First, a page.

Former West Ham United Academy director Tony Carr is a rarity in football.

For Carr is a West Ham legend without having ever kicked a ball for his boyhood club.

Instead Carr saved and made the Hammers millions of pounds over the years as he oversaw the recruitment, coaching and development of a string of stars and internationals.

The 68-year-old brought through a golden generation for West Ham and also set the likes of John Terry on their way to careers at the very top.


His prized talents were Frank Lampard, Rio Ferdinand, Joe Cole, Michael Carrick, Glen Johnson and Jermain Defoe. But there were scores of others who forged successful careers for themselves elsewhere too.

He was granted a testimonial at Upton Park in 2010 which was attended by a host of his former charges.

Carr then left West Ham under something of a cloud in 2016 after 43 years.

 

And in a revealing interview with The Telegraph, the legendary coach has lifted the lid on his acrimonious departure for the first time.


Carr insists he was angry at the way things ended at West Ham. But he added that time has been a great healer. Particularly regarding his fallout with co-owners David Sullivan and David Gold.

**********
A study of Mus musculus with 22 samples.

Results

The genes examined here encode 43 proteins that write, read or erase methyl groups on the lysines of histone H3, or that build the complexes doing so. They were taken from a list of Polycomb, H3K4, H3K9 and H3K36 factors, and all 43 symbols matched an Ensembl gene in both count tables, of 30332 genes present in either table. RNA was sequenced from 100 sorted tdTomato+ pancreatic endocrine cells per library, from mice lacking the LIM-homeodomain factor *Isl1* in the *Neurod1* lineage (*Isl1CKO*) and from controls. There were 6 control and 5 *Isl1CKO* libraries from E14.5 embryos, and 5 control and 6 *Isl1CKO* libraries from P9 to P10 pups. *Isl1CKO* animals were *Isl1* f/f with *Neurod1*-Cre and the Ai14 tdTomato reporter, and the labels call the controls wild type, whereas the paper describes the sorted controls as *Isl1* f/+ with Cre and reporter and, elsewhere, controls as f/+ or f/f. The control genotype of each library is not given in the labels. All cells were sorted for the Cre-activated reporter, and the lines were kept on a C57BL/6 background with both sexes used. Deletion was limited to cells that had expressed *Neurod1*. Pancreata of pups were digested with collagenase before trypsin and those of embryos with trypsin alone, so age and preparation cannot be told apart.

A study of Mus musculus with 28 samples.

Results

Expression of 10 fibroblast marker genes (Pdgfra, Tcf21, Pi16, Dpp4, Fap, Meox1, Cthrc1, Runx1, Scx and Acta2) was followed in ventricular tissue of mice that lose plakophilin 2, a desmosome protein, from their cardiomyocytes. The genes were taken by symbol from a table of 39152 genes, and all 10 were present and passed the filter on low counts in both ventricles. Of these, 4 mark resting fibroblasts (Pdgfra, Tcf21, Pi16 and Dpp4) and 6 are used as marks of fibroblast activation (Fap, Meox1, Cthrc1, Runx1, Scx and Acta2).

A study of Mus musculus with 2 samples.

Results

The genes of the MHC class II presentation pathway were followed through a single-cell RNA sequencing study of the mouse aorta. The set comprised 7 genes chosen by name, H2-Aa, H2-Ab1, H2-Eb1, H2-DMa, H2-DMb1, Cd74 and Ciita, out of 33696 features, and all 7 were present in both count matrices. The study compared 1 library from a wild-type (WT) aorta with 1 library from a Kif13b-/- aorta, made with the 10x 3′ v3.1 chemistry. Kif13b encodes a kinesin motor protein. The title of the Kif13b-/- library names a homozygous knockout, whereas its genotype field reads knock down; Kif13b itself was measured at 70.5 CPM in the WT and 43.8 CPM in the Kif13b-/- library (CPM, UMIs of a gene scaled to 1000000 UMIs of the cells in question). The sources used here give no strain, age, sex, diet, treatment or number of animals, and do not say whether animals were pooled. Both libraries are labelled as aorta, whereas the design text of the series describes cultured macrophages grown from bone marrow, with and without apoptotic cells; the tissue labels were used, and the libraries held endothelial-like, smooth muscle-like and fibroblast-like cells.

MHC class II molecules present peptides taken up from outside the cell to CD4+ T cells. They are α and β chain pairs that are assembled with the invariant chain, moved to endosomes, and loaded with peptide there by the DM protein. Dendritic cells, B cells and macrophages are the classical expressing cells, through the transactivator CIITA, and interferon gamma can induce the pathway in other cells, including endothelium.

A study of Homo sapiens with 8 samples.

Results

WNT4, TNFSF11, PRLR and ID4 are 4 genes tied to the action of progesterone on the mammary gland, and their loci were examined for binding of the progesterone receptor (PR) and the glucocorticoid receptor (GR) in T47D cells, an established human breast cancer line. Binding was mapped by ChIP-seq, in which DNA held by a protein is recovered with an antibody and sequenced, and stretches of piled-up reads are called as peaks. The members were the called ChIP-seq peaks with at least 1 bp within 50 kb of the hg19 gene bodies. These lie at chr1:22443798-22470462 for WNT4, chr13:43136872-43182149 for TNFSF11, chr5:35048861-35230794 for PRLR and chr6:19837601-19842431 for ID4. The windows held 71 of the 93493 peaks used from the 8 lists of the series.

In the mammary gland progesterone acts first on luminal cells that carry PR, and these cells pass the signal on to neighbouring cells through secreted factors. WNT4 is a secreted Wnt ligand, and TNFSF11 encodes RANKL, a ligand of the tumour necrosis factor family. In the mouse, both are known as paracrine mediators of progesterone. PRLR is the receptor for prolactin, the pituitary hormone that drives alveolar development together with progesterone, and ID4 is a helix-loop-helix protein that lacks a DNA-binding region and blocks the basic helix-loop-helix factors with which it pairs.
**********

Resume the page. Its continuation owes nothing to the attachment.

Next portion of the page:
But in a revelation that has shades of the treatment Bobby Moore received many moons ago under different club owners, Carr also claimed he only gets to watch matches at the London Stadium if family or friends have spare tickets.

“Despite continued friendships with current captain Mark Noble and club legend Sir Trevor Brooking, in the absence of an official link to the club Carr now attends matches only with friends and family who have spare tickets,” the Telegraph claims.


“The club decided they wanted a clean break and I just got the impression I had to leave. I’ve got no animosity towards anyone there, everyone moves on with their lives and I see things a lot differently now to how I did two years ago.

“A lot of water goes under the bridge, so you reflect and look back and I suppose my anger at the time was the disappointment at the situation.

“They have always been and will always be my club and if there was any way in the future I could go back and be of some value somewhere I would be happy to do that. If there were any bridges broken then I’d like to rebuild them. My phone number is still the same.”